In a divorce, assets are split. The house, the car, the dog, the photographs, the joint accounts, the debt, everything is divided between the two parties. Unfortunately, if there are children involved in the case, their time must also be split. Child custody is the parent’s right and responsibility to protectively care for or guard his or her children. The article below details some of the nuances involved in acquiring custody and explains the different types of custody.  This article below details the particulars of custody cases under Georgia law, focusing on aspects observed in Cumming Georgia and Forsyth County divorce and family law cases. It is always recommended to have an attorney present when dealing with complex divorce and family law matters such as child custody.

What is legal child custody?

Legal custody of a child is the legal process of deciding which parent will make the major decisions in a child’s life after a divorce. This includes medical, religious, extracurricular, and educational decisions. In a court’s legal custody decision, how a child’s time will be divided between two parents is also decided.

How is child custody determined in Cumming Georgia, Forsyth County cases?

Custody of a child is determined with the goal of providing an environment that seems to be the best option for the child. The deciding court is influenced by factors such as:

  • The child’s school and community record as well as possible health concerns and special educational considerations
  • The child’s emotional ties,  Ties include ties to each parent and ties to other close family members (such as siblings)
  • Each parent’s capacity to give emotional affection
  • Each parent’s knowledge of the child’s needs
  • Each parent’s mental/physical health
  • Each parent’s ability to provide a safe, stable home environment
  • Each parent’s involvement in the child’s academic and social life
  • Each parent’s history of performing parenting responsibilities

Even in very balanced custody rulings (such as joint custody), there must be a designated “final decision maker” parent that has the final say on things such as education, health issues, and personal life.

See O.C.G.A. §§ 19-9-3(a)(3)(A)-(Q)) for additional information.

Types of Custody Orders in Cumming Georgia, Forsyth County

Joint Custody

Joint custody is a legal arrangement where custody is shared equally by both parents; i.e., the child shares its time roughly equally between each parent. Possible arrangements may include a “one-week Dad, one-week Mom” living situation, where the child divides its time on a weekly basis between each living quarters. This type of custody is fairly rare in Georgia, and these situations can be complicated for many parents and the children. For example, such complications include the parents’ willingness to live close together, the parents’ willingness to cooperate, the child’s school and social schedules can be interrupted, and the parents’ employment schedules may have to be compromised.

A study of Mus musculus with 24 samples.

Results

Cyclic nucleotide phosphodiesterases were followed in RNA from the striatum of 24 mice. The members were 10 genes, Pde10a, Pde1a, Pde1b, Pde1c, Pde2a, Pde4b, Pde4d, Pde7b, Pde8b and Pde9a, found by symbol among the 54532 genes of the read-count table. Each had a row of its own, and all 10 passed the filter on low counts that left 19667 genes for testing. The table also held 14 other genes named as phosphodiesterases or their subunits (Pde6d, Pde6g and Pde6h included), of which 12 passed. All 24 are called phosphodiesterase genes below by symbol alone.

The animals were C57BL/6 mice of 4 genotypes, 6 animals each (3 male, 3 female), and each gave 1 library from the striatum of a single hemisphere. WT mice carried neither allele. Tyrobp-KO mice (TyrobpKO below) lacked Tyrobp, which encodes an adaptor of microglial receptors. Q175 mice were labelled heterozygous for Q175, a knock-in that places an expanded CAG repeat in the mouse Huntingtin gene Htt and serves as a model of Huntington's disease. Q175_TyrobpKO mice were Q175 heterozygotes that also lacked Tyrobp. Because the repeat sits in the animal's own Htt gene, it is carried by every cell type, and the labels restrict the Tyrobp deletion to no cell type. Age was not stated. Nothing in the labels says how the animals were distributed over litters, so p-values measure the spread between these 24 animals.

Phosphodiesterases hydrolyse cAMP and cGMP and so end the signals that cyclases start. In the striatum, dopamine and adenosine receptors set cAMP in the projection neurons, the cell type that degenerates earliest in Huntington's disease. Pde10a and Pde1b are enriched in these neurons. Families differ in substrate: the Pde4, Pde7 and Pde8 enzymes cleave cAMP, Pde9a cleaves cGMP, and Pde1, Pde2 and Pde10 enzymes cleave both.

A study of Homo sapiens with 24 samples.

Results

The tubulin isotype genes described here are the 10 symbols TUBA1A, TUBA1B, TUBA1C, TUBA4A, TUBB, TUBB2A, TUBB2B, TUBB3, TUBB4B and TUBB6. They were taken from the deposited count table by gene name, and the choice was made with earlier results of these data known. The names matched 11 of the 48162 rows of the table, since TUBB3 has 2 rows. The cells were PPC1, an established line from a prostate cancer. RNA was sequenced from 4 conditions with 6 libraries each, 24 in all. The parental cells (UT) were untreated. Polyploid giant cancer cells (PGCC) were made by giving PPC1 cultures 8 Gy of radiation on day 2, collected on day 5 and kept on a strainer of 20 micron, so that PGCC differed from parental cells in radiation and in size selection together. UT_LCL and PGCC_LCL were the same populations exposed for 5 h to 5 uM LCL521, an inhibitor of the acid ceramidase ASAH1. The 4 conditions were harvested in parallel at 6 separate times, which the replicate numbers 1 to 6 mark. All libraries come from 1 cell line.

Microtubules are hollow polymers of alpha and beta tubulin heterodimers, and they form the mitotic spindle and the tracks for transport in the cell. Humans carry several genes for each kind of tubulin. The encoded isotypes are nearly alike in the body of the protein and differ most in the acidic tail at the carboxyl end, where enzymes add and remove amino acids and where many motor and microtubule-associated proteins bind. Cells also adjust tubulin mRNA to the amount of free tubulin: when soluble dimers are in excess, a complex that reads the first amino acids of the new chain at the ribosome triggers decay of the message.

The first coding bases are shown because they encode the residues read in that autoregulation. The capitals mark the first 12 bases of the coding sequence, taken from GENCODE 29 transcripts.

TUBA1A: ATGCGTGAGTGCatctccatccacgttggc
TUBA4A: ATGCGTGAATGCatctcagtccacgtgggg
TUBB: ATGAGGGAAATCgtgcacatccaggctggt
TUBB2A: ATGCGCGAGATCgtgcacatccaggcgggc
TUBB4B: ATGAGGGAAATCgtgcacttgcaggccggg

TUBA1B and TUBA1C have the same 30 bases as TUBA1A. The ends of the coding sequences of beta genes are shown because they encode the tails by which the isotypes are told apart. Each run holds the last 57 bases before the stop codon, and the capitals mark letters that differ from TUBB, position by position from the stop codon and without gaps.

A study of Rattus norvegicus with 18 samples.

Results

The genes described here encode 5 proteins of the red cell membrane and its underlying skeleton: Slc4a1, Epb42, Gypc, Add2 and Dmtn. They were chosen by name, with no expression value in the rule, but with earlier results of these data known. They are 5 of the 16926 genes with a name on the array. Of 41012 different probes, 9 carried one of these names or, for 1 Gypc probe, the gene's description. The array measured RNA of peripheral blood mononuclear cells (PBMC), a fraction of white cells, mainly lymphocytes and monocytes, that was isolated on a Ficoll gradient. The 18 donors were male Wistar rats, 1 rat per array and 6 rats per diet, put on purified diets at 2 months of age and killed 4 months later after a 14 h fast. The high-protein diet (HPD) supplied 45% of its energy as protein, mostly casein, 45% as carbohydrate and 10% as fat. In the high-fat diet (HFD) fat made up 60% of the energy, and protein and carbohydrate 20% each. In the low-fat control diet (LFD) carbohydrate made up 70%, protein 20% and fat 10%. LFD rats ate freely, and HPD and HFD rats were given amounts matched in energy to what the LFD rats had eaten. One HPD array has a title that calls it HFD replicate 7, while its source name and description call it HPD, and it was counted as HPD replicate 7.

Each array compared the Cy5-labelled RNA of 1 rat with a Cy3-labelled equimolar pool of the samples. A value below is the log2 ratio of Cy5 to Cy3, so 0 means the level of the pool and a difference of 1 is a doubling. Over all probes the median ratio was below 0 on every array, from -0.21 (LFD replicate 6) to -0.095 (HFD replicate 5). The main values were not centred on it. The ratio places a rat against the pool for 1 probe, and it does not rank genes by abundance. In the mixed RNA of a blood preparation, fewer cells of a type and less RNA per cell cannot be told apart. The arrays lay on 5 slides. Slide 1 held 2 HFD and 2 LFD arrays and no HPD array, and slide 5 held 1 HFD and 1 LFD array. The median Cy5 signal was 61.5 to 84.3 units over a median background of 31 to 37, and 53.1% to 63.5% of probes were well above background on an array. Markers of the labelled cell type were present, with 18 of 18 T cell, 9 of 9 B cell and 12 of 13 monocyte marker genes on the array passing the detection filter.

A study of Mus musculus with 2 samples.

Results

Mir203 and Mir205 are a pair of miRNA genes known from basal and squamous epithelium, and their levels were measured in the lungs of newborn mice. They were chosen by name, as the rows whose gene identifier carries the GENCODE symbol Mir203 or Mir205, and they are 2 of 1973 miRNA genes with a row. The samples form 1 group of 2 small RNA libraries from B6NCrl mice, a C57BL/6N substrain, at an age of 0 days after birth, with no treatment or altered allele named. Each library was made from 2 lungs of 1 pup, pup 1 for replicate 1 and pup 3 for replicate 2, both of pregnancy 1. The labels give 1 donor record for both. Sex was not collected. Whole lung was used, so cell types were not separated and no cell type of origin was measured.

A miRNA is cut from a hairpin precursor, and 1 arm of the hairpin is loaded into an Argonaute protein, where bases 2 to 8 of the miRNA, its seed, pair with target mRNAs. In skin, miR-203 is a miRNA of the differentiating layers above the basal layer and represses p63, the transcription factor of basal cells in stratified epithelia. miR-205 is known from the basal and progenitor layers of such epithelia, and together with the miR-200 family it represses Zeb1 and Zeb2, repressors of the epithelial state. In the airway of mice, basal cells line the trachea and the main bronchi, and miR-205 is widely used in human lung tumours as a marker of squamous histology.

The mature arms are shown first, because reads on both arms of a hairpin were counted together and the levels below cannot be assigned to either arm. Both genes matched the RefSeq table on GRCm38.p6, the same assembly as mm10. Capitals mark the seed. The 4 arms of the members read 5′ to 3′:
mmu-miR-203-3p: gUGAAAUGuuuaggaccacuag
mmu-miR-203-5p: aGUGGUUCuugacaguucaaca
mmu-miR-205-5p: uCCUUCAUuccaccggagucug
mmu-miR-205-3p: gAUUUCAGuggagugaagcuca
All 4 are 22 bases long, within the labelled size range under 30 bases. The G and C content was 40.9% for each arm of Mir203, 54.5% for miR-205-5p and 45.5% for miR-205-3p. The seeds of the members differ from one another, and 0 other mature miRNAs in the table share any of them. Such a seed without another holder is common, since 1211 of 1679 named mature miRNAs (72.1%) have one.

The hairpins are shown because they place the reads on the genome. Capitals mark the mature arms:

Primary Custody

Primary custody is a situation where the child spends greater amount of time with one parent than the other. One parent is designated the primary custodian with whom the child spends most of its time, and the other is deemed the secondary custodian. The primary vs. secondary designation is determined through the court hearings and based on the factors previously listed.

Sole Custody

Sole custody is a custody arrangement in which one parent has full custody rights with the child, and the other parent is allowed meager visitation rights. A common misconception of sole custody is that one parent is completely cut from a child’s life. This is not the case; the non-custodial parent is still given some level of visitation right. This arrangement is fairly extreme and is usually only ruled when one parent has exhibited extreme behavior such as drug abuse, domestic violence, or other extreme, harmful conduct. Because Georgia public policy tries to ensure that emotional connections between parent and child stay as strong as possible, sole custody rulings are rare in Georgia.

Split Custody

Split custody is a family arrangement where, if there are multiple children involved in the custody case, one parent is the custodial parent for one or more of the children, and the other is the custodial parent for the other children. Commonly, each child’s time is still split between time with the custodial parent and time with the noncustodial parent, but each child still has one custodial parent with which it will spend the majority of its time.

Visitation Rights

Even in extreme sole custody arrangements, a parent will almost always be allowed visitation time with the child. From joint custody visitation arrangements to sole custody visitation hours, there are numerous standardized visitation time schedules, and each family has to find the one that works the best for their respective living situation. The court will work with each family to consider work schedules, travel time, and child life to create the optimal visitation schedule.

Divorce is a tricky, strenuous decision in one’s life; don’t go through it alone. Your children matter to you, so to find out more about legal custody of a child. Call 770-709-1247 to have a helpful discussion with one of our highly experienced divorce attorneys today. We offer free consultations to qualifying potential clients and offer weekend appointment, so don’t hesitate!